Conduct Disorder

  • Definition

    Conduct disorder is a childhood emotional and behavioral disorder characterized by disruptive behavior. Children with conduct disorder have difficulty following rules and behaving in a socially acceptable manner.
  • Causes

    While no specific cause of conduct disorder has been identified, the following are thought to possibly contribute to the development of conduct disorder:
    • Brain damage
    • Genetics
    Prefrontal Cortex
    Prefrontal cortex brain
    This area of the brain is associated with appropriate social behavior. A combination of genetics affecting this area and life experiences may cause conduct disorder.

    Conduct disorder is more likely in male children younger than 18 years old, usually 7-8 years and older.
    The following factors are thought to increase the risk of conduct disorder:
    • A history of child abuse
    • Poor family functioning
    • Family members with substance abuse problems
    • Failure in school
    • Traumatic life experiences
  • Symptoms

    Symptoms of conduct disorder may include:
    • Bullying behavior
    • Physical fights
    • Use of a weapon
    • Physical cruelty to people or animals
    • Stealing or lying
    • Forced sexual activity
    • Deliberate destruction of property
    • Serious violations of rules
    • Starting fires
  • Diagnosis

    You will be asked about your child’s symptoms and medical history. A physical exam will be done. Your child may be referred to a mental health professional for evaluation. Diagnosis is based on behaviors that violate social norms or the basic rights of others.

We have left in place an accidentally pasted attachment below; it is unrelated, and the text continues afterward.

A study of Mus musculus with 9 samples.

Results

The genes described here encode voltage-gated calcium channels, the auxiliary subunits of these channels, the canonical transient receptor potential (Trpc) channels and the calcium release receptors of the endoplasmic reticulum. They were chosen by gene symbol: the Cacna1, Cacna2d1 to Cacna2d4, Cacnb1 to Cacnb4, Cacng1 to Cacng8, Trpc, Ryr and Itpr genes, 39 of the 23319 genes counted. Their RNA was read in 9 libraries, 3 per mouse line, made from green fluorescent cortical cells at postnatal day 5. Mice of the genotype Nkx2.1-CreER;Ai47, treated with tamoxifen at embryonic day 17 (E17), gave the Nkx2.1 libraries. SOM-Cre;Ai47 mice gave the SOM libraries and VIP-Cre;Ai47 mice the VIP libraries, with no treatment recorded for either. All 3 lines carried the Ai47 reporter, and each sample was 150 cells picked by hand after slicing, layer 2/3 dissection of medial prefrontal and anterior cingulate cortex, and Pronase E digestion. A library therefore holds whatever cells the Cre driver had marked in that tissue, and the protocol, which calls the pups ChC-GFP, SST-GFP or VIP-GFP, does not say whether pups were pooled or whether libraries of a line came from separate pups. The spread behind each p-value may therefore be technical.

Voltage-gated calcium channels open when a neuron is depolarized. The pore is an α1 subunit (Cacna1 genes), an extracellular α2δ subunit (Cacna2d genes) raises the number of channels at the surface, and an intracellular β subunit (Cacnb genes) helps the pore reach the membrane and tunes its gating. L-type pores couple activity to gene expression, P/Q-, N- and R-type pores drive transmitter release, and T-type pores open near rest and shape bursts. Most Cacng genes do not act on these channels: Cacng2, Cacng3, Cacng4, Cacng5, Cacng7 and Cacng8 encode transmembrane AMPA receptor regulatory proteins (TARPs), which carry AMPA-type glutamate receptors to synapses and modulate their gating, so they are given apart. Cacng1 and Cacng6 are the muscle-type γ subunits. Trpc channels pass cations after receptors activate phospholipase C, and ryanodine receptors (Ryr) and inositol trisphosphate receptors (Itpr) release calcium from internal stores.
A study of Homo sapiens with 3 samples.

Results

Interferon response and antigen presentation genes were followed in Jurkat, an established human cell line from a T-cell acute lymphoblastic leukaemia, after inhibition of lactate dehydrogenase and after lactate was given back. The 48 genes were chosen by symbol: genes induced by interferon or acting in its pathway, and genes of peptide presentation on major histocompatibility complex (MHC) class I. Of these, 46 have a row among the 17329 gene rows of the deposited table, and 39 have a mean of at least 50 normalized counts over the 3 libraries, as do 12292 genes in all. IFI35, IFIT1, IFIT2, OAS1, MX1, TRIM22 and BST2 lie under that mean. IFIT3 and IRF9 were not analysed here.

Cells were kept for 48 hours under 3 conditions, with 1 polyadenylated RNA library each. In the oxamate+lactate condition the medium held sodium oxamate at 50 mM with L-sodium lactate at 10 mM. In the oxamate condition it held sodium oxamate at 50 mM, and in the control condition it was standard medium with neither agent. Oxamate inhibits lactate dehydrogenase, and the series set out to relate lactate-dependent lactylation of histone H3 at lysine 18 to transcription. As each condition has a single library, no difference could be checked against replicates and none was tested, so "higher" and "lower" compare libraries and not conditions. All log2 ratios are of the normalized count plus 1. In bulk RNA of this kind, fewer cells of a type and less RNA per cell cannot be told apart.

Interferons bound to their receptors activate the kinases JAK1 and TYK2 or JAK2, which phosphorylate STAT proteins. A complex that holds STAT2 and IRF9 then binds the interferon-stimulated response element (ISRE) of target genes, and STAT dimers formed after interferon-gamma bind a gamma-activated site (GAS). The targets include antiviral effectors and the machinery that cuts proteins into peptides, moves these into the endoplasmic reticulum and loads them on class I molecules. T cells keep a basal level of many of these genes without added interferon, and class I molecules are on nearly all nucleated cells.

• Treatment

    Talk with your doctor about the best treatment plan for your child. Treatment options include:
    Parent Training
    Experts can help parents learn to manage their child’s behavior and emotional problems.
    Psychotherapy
    Behavior therapy and psychotherapy can help children learn to appropriately express and control their anger.
    Medications
    Psychiatric medications may benefit children with conduct disorder when used in combination with some form of therapy.
  • Prevention

    If you are concerned your child may be at risk for conduct disorder, talk with your child's doctor about early intervention options.
  • RESOURCES

    American Academy of Child and Adolescent Psychiatry http://aacap.org

    Mental Health America http://www.mentalhealthamerica.net

    CANADIAN RESOURCES

    Canadian Academy of Child and Adolescent Psychiatry http://www.cacap-acpea.org

    Canadian Mental Health Association http://www.cmha.ca

    References

    Conduct disorder. American Academy of Child and Adolescent Psychiatry website. Available at: http://www.aacap.org/AACAP/Families%5Fand%5FYouth/Facts%5Ffor%5FFamilies/Facts%5Ffor%5FFamilies%5FPages/Conduct%5FDisorder%5F33.aspx. Updated August 2013. Accessed May 29, 2014.

    Conduct disorder. EBSCO DynaMed website. Available at: http://www.ebscohost.com/dynamed/what.php. Updated October 1, 2013. Accessed May 29, 2014.

    Holmes SE, Slaughter JR, et al. Risk factors in childhood that lead to the development of conduct disorder and antisocial personality disorder. Child Psych Hum Dev. 2001;31:183-193.